It's as plain as the halo on your head and your forked tail whipping about in your wake that the world is neither black nor white. It would be lovely if the world could be split into binary so neatly; good triumphs over evil, right is right, and wrong receives punishment, possibly followed by redemption. Instead, all it takes is a few moments thought, or less, to realise that the moral lens is not polarised so brightly. The ethical world is actually coloured in shades of grey.
But then, JTHM is an extreme example. 60 years ago almost no publishers would have been willing to commit to putting it in print for fear of the backlash; accusations of bad taste, and lack of humanity, or any of the denunciations that Mary Whitehouse ever aimed at anything. Back then and before, during the Golden Age of the comic book, the world was a more idealised place. This was a world still giddy with huge social and political upheavels. It was still coming to terms with the boundary crossing Modernist movement. This was a world that unquestioningly embraced the vigilante heroics of the super-wealthy Bruce Wayne, who now has one of the most recursive origin stories.
For almost 70 years the story of a handful of characters has been reimagined for, and retold throughout every decade, sometimes slowly and sometimes drastically, morphing to fit the appreciations of the popular culture. You could almost believe there was nothing new to say in these stories if it was simply the story that people read for. Except that retroactive story-telling is symptomatic of much deeper issues.
The Batman's of Alan Moore, Frank Miller and Grant Morrison are miles away from his fellow superhero of the 1930's, the pillar of pure goodness that came from Krypton. And the rest of the modern comic book world is just as far, so much so that almost anything more complex than good vs. evil falls into the graphic novel category.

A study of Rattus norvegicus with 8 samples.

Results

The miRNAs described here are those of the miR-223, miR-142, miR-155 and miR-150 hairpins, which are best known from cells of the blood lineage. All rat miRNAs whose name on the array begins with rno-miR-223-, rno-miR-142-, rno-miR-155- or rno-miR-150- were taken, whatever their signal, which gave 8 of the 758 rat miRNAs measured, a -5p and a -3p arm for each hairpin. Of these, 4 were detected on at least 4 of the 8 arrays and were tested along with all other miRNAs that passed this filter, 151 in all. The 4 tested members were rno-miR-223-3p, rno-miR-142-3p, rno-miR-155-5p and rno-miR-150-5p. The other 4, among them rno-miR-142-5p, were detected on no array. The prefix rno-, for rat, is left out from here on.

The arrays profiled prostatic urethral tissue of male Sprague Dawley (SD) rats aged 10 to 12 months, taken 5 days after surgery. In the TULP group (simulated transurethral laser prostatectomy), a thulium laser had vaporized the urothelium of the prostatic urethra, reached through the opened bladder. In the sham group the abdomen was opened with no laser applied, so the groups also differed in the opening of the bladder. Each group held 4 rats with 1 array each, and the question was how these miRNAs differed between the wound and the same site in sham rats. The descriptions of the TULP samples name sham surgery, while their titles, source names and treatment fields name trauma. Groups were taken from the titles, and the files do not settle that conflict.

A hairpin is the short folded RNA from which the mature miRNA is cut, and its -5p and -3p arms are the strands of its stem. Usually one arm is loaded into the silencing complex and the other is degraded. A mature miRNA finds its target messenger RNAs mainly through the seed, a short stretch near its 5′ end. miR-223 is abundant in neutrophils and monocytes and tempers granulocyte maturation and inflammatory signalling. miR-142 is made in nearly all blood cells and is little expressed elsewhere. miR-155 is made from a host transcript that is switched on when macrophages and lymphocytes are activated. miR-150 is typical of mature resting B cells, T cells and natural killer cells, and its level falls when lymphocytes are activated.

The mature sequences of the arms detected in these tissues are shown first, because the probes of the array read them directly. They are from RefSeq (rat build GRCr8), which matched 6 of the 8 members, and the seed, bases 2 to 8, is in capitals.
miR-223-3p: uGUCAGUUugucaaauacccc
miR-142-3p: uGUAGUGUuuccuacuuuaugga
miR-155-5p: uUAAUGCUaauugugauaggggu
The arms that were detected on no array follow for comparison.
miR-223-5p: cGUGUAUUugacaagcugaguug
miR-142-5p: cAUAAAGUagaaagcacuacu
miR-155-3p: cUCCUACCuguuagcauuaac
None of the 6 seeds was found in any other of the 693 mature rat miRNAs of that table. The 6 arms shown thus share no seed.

Yet, however complex the issues of the Batman stories have become they are still swamped with dichotomy. Rather than asking who is good and who is evil, they ask is there good, and is there evil? How much of evil is fear and anger, and how much of good is self-control and reason?
In fact, the Batman novels of the 80's onwards have a preoccupation with feathering the lines between good and bad. They don't offer a bad character redemption, but ask you to give it, while pushing the concept of the tragic hero into the vacuum of anti-hero. Whereas the comics before riffed on the previous creators' stories, adding details to previously told stories, the 80's marked the beginning of the reboots and full retroactive changes, the ideal technique for updating the ideas for a completely changed audience, for mirroring the new audience's beliefs.
Take X-men's Magneto, a sixties style megalomaniac Bond villain, until '78 when he receives a backstory that touches on events and issues with deep cultural scars. It could easily be tasteless using the Holocaust to explain a superbaddy's behaviour, and yet it marks a significant engagement with the real world in the X-men's long-running theme of racism. It's asking questions about the cause and effect of racism at a time when various civil rights movements of the 60's and 70's were pushing racism into its visible yet unmentioned institutional and commercial forms of the 80's.
It pleases me that the creators of comic books have realised the potential for moral and emotional complexity that the medium held, and that an adult market was willing to embrace the move. We always knew the Devil was more interesting than the Angels, perhaps because it's a challenge to look in the dark but no difficulty to be blinded by the light.